The most striking thing about this year’s Oscars, other than that a female director finally won? The guys’ hair. There was George Clooney, whose longish (for him) do had a distinctly feathered quality in the front. Then there was James Cameron, whose soft, elongated bowl cut channeled ABBA, and was possibly blow-dried. But Mark Boal, the former Village Voice scribe who won Best Original Screenplay for The Hurt Locker, was the real bellwether of what, it struck us with a thunderclap, is a new, or at least new again, tousled trend: “Wow, thank you, Academy,” the young stud muffin said humbly, his floppy, chin-length brown hair swept to one side and tucked behind an ear, his neatly trimmed beard setting off soft, pink lips. He looked less like the freshly minted Hollywood royalty of 2010 than that of 30 years ago. When the camera cut soon after to the young Up In the Air director Jason Reitman, sporting almost the same style, one could be forgiven for mistaking the pair for Steven Spielberg and George Lucas circa Star Wars.
“That guy sort of reminded me of Ron Silver,” said men’s wear designer Billy Reid of Mr. Boal, approvingly. He termed the look “easy, but not sloppy.” Mr. Reid, who sells buttoned-up, Southern-style suiting out of a cavernous shop in Noho, himself also maintains a neat beard (reined in by an electric trimmer) and side-swept floppy hair, at least lately. He said that men’s hair and beards are becoming “more well kept. They’re paying more attention to it.”
Men’s hair trends—like men themselves—are usually more sluggish than women’s. Since men started growing their beards like unkempt hedges, for example, the fairer sex has powered through Cleopatra bangs, 1940s Veronica Lake waves, Heidi braids, the long Gwyneth bob, Alexander Wang side braids and now, this spring, pink streaks reminiscent of the Kool-Aid–colored dye you made at summer camp. But men also seem to be experimenting more! Sure, Stumptown baristas still wear mustaches to serve mochas, and full beards are common in yoga studios in Brooklyn and at the bar at Freeman’s, but the Bowie-esque long-on-top, shaved-on-the-sides look is currently in vogue at art openings and on Bedford Avenue, and many of the city’s best barbers—like its interior designers and restaurateurs—say they’re currently in the throes of Mad Men mania. Paul Andrew, an owner of Panyc Salon on 17th Street, said men are buying more product than women these days and coming in every two weeks, compared to six weeks for women. “Men are more high maintenance than ever,” he said. “I’ve been doing hair 25 years, and I’ve never seen it like this.”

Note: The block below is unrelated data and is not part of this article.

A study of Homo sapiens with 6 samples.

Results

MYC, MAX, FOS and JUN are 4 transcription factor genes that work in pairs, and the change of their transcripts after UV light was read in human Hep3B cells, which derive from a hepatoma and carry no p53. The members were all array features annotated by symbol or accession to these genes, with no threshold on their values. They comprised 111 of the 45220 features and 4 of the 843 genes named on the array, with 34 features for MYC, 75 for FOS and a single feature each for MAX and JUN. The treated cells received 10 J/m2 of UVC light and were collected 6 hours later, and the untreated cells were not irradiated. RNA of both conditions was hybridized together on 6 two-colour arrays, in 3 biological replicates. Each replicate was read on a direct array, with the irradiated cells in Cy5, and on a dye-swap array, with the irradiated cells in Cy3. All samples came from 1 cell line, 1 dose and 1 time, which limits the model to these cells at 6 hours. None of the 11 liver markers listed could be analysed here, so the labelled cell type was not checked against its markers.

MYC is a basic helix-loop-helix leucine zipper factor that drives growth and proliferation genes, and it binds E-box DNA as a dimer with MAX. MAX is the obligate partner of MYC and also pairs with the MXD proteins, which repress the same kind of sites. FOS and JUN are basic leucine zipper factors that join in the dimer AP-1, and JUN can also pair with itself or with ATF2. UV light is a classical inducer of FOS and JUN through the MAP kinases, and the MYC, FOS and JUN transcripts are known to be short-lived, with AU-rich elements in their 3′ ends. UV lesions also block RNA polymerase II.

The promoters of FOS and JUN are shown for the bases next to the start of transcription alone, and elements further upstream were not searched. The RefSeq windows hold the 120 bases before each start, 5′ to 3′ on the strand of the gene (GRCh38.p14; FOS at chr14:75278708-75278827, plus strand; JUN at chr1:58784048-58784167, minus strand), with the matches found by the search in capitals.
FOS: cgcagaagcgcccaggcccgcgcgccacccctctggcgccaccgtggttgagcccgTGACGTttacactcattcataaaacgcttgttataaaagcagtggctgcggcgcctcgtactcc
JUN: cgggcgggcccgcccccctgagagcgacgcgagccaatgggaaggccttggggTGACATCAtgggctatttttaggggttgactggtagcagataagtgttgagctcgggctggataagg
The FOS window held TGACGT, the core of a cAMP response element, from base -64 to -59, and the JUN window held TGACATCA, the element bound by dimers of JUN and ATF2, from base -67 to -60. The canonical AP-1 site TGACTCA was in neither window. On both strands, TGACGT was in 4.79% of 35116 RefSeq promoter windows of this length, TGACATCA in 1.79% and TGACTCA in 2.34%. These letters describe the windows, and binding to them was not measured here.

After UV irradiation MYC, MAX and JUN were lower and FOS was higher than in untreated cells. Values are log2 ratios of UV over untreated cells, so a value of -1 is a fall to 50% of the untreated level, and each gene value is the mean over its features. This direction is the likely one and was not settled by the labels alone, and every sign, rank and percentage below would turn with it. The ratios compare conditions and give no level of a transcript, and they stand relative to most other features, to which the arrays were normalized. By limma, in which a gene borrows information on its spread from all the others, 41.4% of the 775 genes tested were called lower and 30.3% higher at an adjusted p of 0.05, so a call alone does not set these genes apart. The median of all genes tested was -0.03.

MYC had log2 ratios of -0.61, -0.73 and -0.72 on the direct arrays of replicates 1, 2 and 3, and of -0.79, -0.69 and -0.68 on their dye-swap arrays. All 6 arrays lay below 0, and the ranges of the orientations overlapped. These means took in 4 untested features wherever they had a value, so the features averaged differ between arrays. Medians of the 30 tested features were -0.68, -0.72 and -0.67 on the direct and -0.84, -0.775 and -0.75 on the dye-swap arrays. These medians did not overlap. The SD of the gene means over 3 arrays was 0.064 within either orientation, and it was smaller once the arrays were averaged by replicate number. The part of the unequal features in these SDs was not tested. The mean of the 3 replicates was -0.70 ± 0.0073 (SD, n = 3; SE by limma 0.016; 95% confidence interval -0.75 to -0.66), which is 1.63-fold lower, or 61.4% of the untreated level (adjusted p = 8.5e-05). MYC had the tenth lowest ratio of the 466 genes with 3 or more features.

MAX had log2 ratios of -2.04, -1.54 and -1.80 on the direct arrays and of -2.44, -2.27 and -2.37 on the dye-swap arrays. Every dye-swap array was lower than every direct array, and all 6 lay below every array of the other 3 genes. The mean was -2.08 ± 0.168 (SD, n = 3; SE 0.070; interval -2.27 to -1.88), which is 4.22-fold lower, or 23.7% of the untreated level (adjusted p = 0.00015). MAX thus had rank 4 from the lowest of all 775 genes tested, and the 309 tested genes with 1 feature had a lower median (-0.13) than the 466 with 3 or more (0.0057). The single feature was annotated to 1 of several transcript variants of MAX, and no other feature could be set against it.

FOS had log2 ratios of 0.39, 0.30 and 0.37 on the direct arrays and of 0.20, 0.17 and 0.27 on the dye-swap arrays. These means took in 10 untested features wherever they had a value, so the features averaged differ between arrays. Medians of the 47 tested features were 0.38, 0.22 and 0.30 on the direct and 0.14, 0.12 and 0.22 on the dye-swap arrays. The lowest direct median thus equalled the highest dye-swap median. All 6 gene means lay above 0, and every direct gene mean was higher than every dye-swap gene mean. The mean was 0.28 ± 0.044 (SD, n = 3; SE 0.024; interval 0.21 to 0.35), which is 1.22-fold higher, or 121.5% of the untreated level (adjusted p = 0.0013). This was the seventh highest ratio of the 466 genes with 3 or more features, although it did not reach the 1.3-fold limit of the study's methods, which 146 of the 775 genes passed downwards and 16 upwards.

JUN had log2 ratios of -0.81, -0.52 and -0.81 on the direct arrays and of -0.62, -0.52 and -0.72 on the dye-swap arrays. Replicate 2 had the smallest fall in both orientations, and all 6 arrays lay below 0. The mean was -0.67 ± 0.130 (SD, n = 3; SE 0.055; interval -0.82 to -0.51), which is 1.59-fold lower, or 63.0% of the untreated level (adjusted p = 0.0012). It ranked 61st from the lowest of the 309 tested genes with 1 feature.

NOW, MANY ARE are turning to the blow-dryer decade for inspiration. Experts say they have sniffed the beginnings of a Jon Peters revival here in New York (he’s the hairstylist–turned–movie mogul and Barbra Streisand ex that partly inspired Shampoo), and that it’s not as low maintenance as it looks. “Actually, on Wednesday, I went to play music in Brooklyn, and I was in the subway and I saw two dudes like this,” said prominent men’s stylist and salon owner Martial Vivot. “I said, ‘Whoa, whoa, whoa, what’s going on here?’ I was looking at them, they were very well put together, very well dressed, and I thought, Are we having a trend starting here?” He described the general vibe as “end of the ’70s. Hair parted, but not a sleek part, a part with volume. Like you blow-dried your hair.”
“A more groomed, shaggy, ’70s feel is something we’ve been venturing into in the salon already,” said Shaun Cottle, an owner of Seagull Salon on West 10th Street, which features a picture of Cat Stevens on its Web site, adding that he himself has “a medium-length blond shag with bangs. … I have exactly the ’70s haircut you’re talking about. It starts at the top of my eyes with the bangs and goes right around my face to the back of my neck.” (He admitted that he chemically straightens his pseudo-shag and has it blown out once a week.) He described the look, embodied to varying degrees by everyone from Mr. Boal and Mr. Reitman to Jason Schwartzman and Noah Baumbach to New Orleans tight end Jeremy Shockey, as “obviously very stylized, and giving a really specific projection, but that projection is, ‘I am organic.’”
Indeed, it’s a look that channels hot tubs and guitars, more ’70s porn star than grumpy Unabomber. “I’ve done a couple of really extreme bowl cuts from the ’70s on men,” said Mr. Cottle. “No part at all, kind of Peter Berlin in That Boy.”
The style’s key elements are soft, floppy, washed locks, a trimmed beard (if one is worn at all) and a creative, unfussy affect that contrasts with that of the stylized punk hairdos, uncomfortably full beards and strangulating jeans in which New York men have suffered through the past few years. It combines the relaxedness of a recession—very ’70s!—with, perhaps, a dawning optimism. “It’s getting away from the Julian Casablancas, that Williamsburg kind of look,” said Jordan M, a men’s stylist for Bumble & Bumble. “That grown-out, tendrilly, long, Jesus-looking hair that just looks like they haven’t had a hair cut in forever.”
“Before, you will have people who will ask for more hair, and then they just have the pillow hairstyle, like you are asleep, you wake up and whatever happens, happens,” said Mr. Vivot. Now, “I’m seeing kids in their 20s asking for more hair, but they want to take care of it.”